Tuesday, August 5, 2008

The future for air travel: Dig deeper

There are three choices, as I see it, for the airline industry (and they are not necessarily mutually exclusive):

1. We all stop accepting the status quo and just refuse to fly. That will cut down on traffic, ease congestion and force airlines to re-earn our trust and business. If that includes raising prices to a level that allows them to actually run their business in a way that provides an acceptable level of service, so be it.

2. Re-regulation. Congress steps in, viewing air travel almost like a utility that needs to be regulated. Airlines are allowed to earn certain, regulated profits, which would be reflected in the price of tickets (i.e. the days of $300 cross-country flights are over). Congestion eases, service quality goes up and it is the 1960s all over again: air travel is for business people and those who are willing to pay.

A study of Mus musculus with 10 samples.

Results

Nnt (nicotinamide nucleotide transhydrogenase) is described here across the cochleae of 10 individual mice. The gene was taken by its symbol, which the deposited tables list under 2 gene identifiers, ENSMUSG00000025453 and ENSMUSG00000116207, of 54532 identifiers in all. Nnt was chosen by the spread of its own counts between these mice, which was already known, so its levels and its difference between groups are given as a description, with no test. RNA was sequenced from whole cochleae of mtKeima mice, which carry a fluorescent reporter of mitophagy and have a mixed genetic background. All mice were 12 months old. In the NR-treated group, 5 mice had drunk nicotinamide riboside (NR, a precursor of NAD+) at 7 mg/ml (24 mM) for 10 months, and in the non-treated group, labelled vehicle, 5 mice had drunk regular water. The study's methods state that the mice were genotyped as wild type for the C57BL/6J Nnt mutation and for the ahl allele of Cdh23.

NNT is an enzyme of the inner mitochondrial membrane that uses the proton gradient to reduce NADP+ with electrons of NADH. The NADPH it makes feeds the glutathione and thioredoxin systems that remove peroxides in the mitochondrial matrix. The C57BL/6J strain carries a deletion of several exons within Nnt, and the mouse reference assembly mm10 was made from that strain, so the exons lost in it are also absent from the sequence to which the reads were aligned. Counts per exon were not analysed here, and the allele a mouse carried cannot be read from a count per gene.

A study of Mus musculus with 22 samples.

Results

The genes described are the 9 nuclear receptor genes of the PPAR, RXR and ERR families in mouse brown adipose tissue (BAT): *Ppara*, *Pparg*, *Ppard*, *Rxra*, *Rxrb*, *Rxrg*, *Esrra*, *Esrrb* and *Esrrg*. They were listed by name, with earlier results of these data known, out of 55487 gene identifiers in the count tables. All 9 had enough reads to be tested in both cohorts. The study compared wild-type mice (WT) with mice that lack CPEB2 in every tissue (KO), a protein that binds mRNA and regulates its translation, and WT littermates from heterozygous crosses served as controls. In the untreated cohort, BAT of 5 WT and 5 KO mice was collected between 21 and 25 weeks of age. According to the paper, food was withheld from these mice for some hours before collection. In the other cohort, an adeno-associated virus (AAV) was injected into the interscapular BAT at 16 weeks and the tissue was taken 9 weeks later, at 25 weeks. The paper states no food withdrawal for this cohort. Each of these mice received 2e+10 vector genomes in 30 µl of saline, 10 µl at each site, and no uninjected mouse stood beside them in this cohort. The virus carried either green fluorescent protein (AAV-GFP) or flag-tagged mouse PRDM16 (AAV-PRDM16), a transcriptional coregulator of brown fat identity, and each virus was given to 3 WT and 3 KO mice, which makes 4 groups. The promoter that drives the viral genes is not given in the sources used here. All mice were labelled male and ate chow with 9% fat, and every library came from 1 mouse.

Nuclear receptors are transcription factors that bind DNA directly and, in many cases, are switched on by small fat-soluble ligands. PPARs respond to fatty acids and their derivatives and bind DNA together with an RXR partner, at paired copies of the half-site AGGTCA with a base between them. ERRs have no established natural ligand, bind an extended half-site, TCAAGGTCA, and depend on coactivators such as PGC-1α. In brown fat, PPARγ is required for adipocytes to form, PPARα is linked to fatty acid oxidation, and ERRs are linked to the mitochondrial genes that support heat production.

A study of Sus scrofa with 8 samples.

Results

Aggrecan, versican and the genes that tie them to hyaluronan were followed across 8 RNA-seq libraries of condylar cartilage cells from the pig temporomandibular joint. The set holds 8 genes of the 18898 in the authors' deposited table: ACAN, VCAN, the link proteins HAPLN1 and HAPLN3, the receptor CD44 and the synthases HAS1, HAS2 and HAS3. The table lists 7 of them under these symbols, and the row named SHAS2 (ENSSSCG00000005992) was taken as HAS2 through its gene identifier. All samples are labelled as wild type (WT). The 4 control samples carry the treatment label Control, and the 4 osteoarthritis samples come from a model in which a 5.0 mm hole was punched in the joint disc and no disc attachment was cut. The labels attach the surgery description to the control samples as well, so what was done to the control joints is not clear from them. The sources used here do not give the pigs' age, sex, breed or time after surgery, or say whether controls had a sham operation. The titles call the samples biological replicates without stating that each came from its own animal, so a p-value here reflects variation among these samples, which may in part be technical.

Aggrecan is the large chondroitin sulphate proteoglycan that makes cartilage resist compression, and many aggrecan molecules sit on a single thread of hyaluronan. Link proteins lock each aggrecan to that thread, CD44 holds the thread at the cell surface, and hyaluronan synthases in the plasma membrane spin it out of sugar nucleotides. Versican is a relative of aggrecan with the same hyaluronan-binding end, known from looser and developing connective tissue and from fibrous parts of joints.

3. Things keep going the way the are and the system collapses under its own weight. Airlines will go out of business, the survivors will be in a better position to raise prices and run a real business.

There's a common thread here: Prices must keep going up. People like me can't bitch about crappy service and then not be willing to pay for good service.

And I realize that paying $1,000 for a ticket that used to cost $300 is not going to change the realities of weather. What it will do, however, is cut down on traffic and allow the airlines to run a system that actually has slack built into it, so that we don't have to live in airports, waiting for the next flight out.